A few weeks ago I began a summer internship with the University of Vermont Medical Center in the Marketing & Communications Department. About two days after I began working, an e-mail went around requesting volunteers for a drill that would occur on June 25, 2011. It would be a Mass Casualty Incident (MCI) drill put on through collaborative efforts on the part of the Burlington Airport, the EMT/Rescue teams throughout Chittenden County, and the UVM Medical Center. It caught my interest and I signed up right away, despite the painfully early start time of 6:45 AM on a Saturday. Ouch.
Fast forward two weeks, and you’d find me pulling up to the parking lot next to the Airport Maintenance Building with a giant McDonald’s iced coffee in my hand. The first step for volunteers was to sign in & receive an “injury”. The premise behind this particular drill was that there was going to be a bomb attack while the airplane was still on the ground and the local authorities would be notified to respond to the incident. I am not going to lie, I was hoping for a more severe fake injury. Not because I have some sort of death wish, but because I wanted to participate in the process of ‘moulaging’, where certain victims (or shall we say, ‘volunteers’) were made up to reflect their injuries. Here was my injury description: I jumped from the plane and had an awkward landing. I tried to get as far away from the plane as possible, but had to stop because it hurt so much to walk. When I fell, I heard and felt some bones snapping (This is how I know I could never be a doctor/EMT…just that sentence makes me cringe). I escaped the explosion with merely a broken wrist and ankle, hardly enough of an injury to warrant the moulage. Darn.
For the next hour or so, we waited while those with more severe simulated injuries received moulage and we also ate breakfast, which was graciously provided by the American Red Cross. Afterwards we ‘victims’ headed out to our doomsday site: an airplane hanger. Perhaps not super realistic, but as someone who had to sit on the ground for a long period of time, I was thrilled to be inside for the drill; in true Vermont fashion, it rained all day on Saturday. The initial call that there had been a (simulated) hijacking and bomb threat was made, and we were told to take our positions.
Over the next hour I witnessed the response to a traumatic MCI. The firemen arrived and, after clearing the scene of certain hazards, verified that others could enter the scene to provide assistance. The first firefighters to enter the simulated crash scene assessed each victim and gave them either a green, yellow, red, or black tag depending on the severity of their injuries. Using that information, EMTs entered the scene and evacuated those who needed help right away (those with a red tag). I was deemed ‘yellow’ meaning I needed assistance, but my breaks weren’t as severe, as say, the guy who was having a heart attack or those who were alive but unconscious. Fair assessment, I’d say.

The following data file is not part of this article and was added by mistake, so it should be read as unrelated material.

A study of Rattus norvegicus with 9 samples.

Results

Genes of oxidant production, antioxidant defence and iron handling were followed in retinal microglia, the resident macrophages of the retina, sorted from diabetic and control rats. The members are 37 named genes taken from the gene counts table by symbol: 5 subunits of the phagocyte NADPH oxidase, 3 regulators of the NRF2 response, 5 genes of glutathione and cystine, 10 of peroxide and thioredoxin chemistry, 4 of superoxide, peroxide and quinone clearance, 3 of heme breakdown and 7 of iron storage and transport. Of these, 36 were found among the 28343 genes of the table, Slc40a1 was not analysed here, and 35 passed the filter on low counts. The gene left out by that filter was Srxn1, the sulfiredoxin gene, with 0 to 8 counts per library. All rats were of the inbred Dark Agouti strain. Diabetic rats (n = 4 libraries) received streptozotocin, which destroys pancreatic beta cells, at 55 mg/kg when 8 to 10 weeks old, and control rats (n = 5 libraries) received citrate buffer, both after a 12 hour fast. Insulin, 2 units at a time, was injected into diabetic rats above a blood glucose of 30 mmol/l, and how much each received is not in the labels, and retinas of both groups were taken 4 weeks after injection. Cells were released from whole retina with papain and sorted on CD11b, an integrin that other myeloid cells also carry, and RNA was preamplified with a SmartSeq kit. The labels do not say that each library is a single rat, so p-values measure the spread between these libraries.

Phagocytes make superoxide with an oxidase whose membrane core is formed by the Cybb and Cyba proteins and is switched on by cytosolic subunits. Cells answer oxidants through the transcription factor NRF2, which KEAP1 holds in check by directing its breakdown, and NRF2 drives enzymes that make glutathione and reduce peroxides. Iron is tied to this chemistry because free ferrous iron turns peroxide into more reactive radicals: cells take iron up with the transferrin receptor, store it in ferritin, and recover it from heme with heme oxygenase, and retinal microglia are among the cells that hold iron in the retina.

I watched as the more serious cases were treated in a triage station set up on the scene. I was impressed by the coordination as I watched EMTs take victims to the triage station, stabilize them, then send them along to the UVM Medical Center in the next available ambulance. The injuries ranged from a heart attack to burns, from a broken ankle to a concussion, and everything in between. Soon, it was my turn. I was helped over to the triage area for those with a yellow tag where EMTs asked me a lot of questions, “checked” my blood pressure (as in, read my blood pressure from my character sheet. I’m a good actress, but not so good that I can fake an injury-like blood pressure), and stayed with me until an ambulance was ready to take me to the hospital.
I am glad that these kinds of drills happen on a regular basis for two reasons. First, if I ever do find myself in a really unfortunate situation (knock on wood, knock on wood!), I’d rather the kinks be worked out while I am waiting for fake assistance with a fake ankle break. Second, the regularity of these events means that if I keep volunteering, I’m bound to be assigned a serious injury sooner or later that involves fake blood or a fake pole sticking out of my leg!
In all seriousness though, these events help the emergency responders know what works and what doesn’t work in a situation where no one really gets hurt. Responding to a Mass Casualty Incident requires the full attention of many different law enforcement, fire, and rescue agencies. Making sure these agencies know how to work together in such an incident is crucial to ensuring a rapid and effective response. And I don’t know about you, but if I can help make sure that they are providing the best assistance possible in a real worst case scenario, that sounds like a Saturday morning well spent!
Michelle Searer is an intern in the Marketing & Communications Department at the UVM Medical Center, and a senior at the University of Vermont.